FTNX TRADE NEWS

Personal opinion of the author served without prejudice  E&0.E

Advice for all PCT’s World-wide.


INCOTERMS 2020 2020年的新交付规则

Comes into effect: Jan 1, 2020

What’s new? (Subject to final draft  coming online; this article may be update ) 

Posted: 27 Sept 2019: Subject to further clarification in 2020


ICC INCOTERMS 2020 is due for release in January 2020. We don’t see anything minor let alone major  in such changes that the PCT will need to address. FTNX defines all end buyers, suppliers, exporters, importers, sellers, buyers and all private informed traders as PCT (Professional Commodity Traders.) This aspect make it  much easier for FTNX to ‘generalise’ the advice provided in this website, as all informed  PCT should be using or ought to be using a uniform long tested aspects of trade to do with payment and delivery. A general insight is given about the new Incoterms 2020 below, subject to change, as the last time Incoterms 2010 was due a lot of ‘fake’ information about pending changes  were released early online. Incoterms 2020 booklet can be purchased from the ICC website when it’s officially realised.  Incoterms has been around since 1936 and just like ICC DLC UCP rules, incoterms is a universal delivery application, recognised by jurisdictions all around the world. FTNX applies Incoterms intently in all its contracts. ICC Paris, France, has a consultative status  via the Charter  of the U.N.

 

CNI: Cost and Insurance:

In essence it’s a FOB&I variant or  FCA&I allowable variant. Nothing here for  the PCT to address and is in fact a useless delivery term, as securing insurance is a problematic at the best to time.  I don’t see any great changes at all. The seller offers the buyers cost at FOB plus insurance is what could have been applied anyway with under incoterms 2010. FTNX has offered this kind fo delivery term in the past with negative results as  obtaining  reliable insurance quotes / rates on online is very difficult for some countries to claim on. The end buyer takes care of transport. Add to this the ‘Emperor TRUMP’ factor which has reduced the PCT market place, and alienated goods from USA being easily touted into countries currently who are not happy  with added Tariffs imposed by USA. Foreign Insurance coverage from Europe and U.K rather the USA is also the preferred  aspect among Asian traders.  In CFR the issuance coverage had to be  secure by the end buyer before signing the contract with FTNX which is just a small aspect our safe and  formidable procedures.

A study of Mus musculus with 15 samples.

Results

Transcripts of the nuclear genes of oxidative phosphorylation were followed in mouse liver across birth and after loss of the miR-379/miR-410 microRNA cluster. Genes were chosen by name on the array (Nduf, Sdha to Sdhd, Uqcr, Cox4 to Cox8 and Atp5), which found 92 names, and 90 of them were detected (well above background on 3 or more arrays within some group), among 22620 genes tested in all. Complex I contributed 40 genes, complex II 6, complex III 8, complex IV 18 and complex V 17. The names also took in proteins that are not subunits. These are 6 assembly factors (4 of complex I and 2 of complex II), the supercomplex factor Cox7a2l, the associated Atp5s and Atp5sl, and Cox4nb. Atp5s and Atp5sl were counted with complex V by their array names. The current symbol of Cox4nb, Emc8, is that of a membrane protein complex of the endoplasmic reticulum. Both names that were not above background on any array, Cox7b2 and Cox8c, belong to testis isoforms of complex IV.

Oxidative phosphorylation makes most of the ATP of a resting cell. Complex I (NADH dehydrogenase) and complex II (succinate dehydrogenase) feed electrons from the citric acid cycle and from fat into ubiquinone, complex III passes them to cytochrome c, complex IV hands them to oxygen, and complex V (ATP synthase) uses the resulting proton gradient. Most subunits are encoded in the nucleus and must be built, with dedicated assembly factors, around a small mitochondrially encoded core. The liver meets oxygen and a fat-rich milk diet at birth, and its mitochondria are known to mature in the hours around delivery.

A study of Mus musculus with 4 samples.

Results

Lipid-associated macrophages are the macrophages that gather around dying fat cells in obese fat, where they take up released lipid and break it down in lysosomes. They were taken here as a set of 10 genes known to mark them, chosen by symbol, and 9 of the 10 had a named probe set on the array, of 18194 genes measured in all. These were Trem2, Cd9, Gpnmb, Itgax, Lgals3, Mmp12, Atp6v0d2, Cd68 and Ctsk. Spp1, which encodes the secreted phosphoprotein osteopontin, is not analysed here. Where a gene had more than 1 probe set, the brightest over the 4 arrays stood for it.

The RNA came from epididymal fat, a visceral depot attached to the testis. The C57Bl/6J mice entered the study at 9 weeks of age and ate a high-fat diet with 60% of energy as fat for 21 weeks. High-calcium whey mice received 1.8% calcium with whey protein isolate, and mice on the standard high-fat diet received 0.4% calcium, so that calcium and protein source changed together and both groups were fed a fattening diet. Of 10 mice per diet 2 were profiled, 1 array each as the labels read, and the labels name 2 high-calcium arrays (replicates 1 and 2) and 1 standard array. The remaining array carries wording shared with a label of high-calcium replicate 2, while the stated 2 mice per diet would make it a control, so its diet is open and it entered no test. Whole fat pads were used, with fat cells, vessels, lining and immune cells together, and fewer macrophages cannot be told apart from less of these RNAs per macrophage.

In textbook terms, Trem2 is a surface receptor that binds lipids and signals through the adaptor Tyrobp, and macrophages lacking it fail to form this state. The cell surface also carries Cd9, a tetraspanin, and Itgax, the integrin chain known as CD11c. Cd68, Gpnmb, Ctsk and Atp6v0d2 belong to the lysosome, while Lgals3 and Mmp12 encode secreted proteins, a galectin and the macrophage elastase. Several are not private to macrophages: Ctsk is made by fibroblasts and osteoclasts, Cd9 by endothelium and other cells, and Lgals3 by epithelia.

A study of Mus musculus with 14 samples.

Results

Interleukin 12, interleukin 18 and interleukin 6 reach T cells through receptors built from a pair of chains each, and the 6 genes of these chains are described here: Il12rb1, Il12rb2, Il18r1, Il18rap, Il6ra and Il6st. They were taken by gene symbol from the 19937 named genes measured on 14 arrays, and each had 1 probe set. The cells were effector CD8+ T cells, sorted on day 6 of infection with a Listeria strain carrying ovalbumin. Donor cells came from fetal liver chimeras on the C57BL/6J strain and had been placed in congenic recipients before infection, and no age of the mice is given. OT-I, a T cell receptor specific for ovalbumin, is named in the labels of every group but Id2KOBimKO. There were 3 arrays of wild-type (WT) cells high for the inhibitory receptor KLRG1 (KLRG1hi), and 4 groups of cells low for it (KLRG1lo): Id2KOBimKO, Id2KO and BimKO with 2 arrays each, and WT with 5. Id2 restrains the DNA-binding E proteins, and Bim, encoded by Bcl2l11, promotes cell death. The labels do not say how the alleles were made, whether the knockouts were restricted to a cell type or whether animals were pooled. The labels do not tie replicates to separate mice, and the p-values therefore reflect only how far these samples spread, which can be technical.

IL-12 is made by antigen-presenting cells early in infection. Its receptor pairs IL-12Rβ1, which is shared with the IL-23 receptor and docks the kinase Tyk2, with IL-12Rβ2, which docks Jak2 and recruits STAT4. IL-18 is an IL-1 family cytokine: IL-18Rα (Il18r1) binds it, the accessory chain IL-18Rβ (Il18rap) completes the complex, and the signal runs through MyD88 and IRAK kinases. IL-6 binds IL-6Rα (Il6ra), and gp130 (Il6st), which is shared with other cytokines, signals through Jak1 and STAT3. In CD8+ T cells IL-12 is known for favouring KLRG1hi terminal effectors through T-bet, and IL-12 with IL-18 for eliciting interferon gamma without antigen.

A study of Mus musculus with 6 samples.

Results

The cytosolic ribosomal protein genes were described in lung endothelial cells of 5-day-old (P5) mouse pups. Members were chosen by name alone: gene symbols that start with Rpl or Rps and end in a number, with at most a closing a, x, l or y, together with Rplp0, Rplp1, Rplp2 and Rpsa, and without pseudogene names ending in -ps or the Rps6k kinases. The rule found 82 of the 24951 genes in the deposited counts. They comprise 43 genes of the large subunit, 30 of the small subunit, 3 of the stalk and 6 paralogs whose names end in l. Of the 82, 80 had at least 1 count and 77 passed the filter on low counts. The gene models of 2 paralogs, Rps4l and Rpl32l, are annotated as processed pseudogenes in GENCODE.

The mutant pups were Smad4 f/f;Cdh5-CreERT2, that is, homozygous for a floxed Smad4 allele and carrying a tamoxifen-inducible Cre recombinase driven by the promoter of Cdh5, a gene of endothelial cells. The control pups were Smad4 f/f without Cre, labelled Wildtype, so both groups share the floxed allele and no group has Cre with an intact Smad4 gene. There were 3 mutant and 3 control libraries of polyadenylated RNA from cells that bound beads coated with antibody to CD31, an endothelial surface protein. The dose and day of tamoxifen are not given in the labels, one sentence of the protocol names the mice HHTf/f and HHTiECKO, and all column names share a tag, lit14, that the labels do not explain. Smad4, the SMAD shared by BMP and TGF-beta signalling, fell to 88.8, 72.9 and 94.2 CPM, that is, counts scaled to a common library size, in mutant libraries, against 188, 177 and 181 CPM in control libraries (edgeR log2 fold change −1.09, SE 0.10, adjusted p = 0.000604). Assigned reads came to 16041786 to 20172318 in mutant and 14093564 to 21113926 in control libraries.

DDP, FAS and EXW Removed

These Incoterms may be cancelled under the 2020 version. In effect nothing wrong with a PCT  using such aspect in matters of ‘pricing’ rather than ‘delivery.’ Since 2005 have have always treated ‘gate prices’ to infer an ‘EXW’ incoterms delivery status. The EXW could apply the price of  goods in where the  actual FAS or FOB  delivery modes and differential therein  is paid separately as submitted on the supplier’s invoice  for the account of the end buyer. PCT cannot use DDP, DTP or EXW anyway; a rule which has already been in effect by FTNX since 2010. DTP (Delivery at Terminal Paid) and DPP (Delivery at Place Paid )  are going to be added instead  is the understanding which are delivery terms  we cannot apply either. Getting rid of FAS is not an issue, as we have tried FAS intently with negative and adverse results.Whether the agent of the buyer was at loading port on the other side of the world, or not to witness when a FCL is attached to the crane ready for the FCL to be loaded on board a ship alongside,  is pointless  endeavour.


ICC FCA Incoterm 

FCA delivery mode is going to be expanded, as around 44% (-/+10%)of all FCL sales  apply this delivery term which we also are able to use intently. We cannot ( should not ) use FOB delivery term for FCL deliveries. In effect delivery to CFS will still apply to the PCT as the primary place of delivery. With this new aspect FCA could now also mean delivery for instance to a local factory or warehouse could also apply which is problematic. Hence insisting on CFS  delivery was the best application, as an official receipt from a state or federal endorsed authority via customs carries weight as a presentation document. To deliver the FCL’s to the warehouse of the buyer situated in the same country as a supplier is a strange delivery  aspect to apply on the standing FCA rule, as the supplier is usually the one filling  the container, and delivering it to the nearest CFS. For a local supplier to sell directly to the local buyer and then deliver such goods locally “is not  really international trade” but more to do with localised commerce. In fact the new addition to FCA will  fall upon the same sword that made the ‘EXW’ Incoterms which offered an adverse and  precarious trading aspect. What happens when factory or warehouse gates are closed and the goods are left outside the gate, inside the open car park belonging to the warehouse or factory. Has delivery occurred? If deliver is dependent on a warehouse receipt or confirmation slip, then what if the factory or warehouse went broke, or is closed for holidays during a festive season. Customs Freight Station are always open and FCL arrival can be  officially confirmed. Nothing to address there by a PCT. We remain fixed to the CFS delivery mode.  More clarification advised early 2020


FTNX is continuing to approach banks, shipping companies  and insurance companies serving opinions  on how they can specially help an informed PCT  in matter of payments. Our white paper on the matter will be advised by mid 2020  as the FTNX broadens it trading agenda.